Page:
Were there not a line of hungry and loyal customers waiting in front of Num Pang Sandwich Shop’s window, you might easily pass by this little Cambodian eatery by Union Square. When it opened, it certifiably doubled the number of Cambodian restaurants in New York City. In fact, it’s a spin-off of Kampuchea on the Lower East Side.
This two-story eatery is very tiny and compact. The first level houses the kitchen, where waves of heat and alluring smell permeate, and a narrow spiral staircase that leads to the second level.
Approximately fifteen seats are available there, additional with a high standing table. Stretch across the walls are iron framed windows splashed with watercolor paint.
It’s a little bit gloomy and shabby, yet intimate, and feel at home.
Num Pang is a traditional Cambodian-style sandwich, and the word itself means “sandwich” in Khmer, the official language of Cambodia. Usually based with toasted baguette, the eatery makes its own brand with five additional ingredients: julienned pickled carrots, cucumbers, chile mayo and cilantro.
The well-known pulled Duroc pork absolutely deserves its reputation, not only for the overwhelming amount of moist and chewy pork, but also for the perfect balance and harmony achieved between ingredients. Every component takes turn showing its charm in your mouth: the tenderness and juiciness of the warm pulled pork, the gingery sweetness of the spiced honey, the surprising acidity of the pickled carrots and the crunchiness of two well-toasted semolina baguettes. Yet amazingly, with the help of chili mayo, everything melts. Like a spark, the mayo lights up the taste of these ingredients without suffocating the delicacy and freshness of them. Don’t be afraid to get messy; just enjoy! One of our favorite parts of this sandwich is the greasy-pork-smeared bottom baguette. While the juice of pulled pork unreservedly fuses with the inner side of the baguette, the other side still keeps crispy and chewy.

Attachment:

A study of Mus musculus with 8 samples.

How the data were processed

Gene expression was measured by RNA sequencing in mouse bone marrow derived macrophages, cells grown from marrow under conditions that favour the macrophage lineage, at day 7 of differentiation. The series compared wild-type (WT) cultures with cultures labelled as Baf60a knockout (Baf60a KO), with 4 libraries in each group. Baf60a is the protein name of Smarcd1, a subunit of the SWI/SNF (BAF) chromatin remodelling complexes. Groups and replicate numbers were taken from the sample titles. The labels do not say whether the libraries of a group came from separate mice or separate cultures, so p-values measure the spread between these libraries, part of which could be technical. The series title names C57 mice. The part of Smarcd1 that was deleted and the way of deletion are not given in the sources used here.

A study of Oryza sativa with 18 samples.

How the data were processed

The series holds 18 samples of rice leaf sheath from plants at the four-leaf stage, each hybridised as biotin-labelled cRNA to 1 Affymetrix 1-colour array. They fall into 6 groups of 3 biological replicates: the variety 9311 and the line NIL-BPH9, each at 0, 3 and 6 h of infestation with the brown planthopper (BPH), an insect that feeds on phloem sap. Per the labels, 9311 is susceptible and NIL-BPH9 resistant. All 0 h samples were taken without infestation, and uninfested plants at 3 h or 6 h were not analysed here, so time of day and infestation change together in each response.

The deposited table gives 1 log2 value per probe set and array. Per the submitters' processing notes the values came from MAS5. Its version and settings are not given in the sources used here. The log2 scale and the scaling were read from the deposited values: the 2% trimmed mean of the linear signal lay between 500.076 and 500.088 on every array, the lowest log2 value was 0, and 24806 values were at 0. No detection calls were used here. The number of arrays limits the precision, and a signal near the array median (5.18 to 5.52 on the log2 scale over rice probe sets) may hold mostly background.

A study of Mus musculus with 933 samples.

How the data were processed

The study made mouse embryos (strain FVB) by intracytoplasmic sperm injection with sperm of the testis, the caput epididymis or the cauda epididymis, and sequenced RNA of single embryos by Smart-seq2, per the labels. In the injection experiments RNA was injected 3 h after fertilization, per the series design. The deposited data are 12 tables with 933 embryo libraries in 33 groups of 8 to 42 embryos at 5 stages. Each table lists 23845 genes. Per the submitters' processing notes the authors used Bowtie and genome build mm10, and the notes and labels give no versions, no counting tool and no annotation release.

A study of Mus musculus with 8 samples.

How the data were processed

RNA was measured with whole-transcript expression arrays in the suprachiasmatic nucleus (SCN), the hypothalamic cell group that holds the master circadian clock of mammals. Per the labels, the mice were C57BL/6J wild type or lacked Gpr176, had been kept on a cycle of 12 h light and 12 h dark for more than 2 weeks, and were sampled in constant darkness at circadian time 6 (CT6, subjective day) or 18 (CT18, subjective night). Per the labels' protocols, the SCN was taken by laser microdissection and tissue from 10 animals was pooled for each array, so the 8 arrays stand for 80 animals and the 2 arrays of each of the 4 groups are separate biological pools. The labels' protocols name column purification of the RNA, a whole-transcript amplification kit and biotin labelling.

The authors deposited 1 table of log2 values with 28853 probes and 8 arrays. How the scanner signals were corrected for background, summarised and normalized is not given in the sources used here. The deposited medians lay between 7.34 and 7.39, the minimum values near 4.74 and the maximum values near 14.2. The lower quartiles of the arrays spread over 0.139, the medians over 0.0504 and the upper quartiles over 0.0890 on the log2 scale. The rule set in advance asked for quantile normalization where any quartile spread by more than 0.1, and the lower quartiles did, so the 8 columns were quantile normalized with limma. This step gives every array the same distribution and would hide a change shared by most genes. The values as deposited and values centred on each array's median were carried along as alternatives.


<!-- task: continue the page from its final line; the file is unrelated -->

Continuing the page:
Another popular sandwich, coconut tiger shrimp, will also satiate your taste buds. Coconut milk tossed and grilled, the juicy and jumbo shrimp are al dente and like other sandwiches in Num Pang, work perfectly with other ingredients.
The eatery serves more than 14 types of sandwiches and also traditional Cambodian soups and sides. Extraordinary taste and wide selection, no more reason needed. Prepare your cash (Num Pang is cash only) and treat yourself a mouthful of contentment before returning to real life.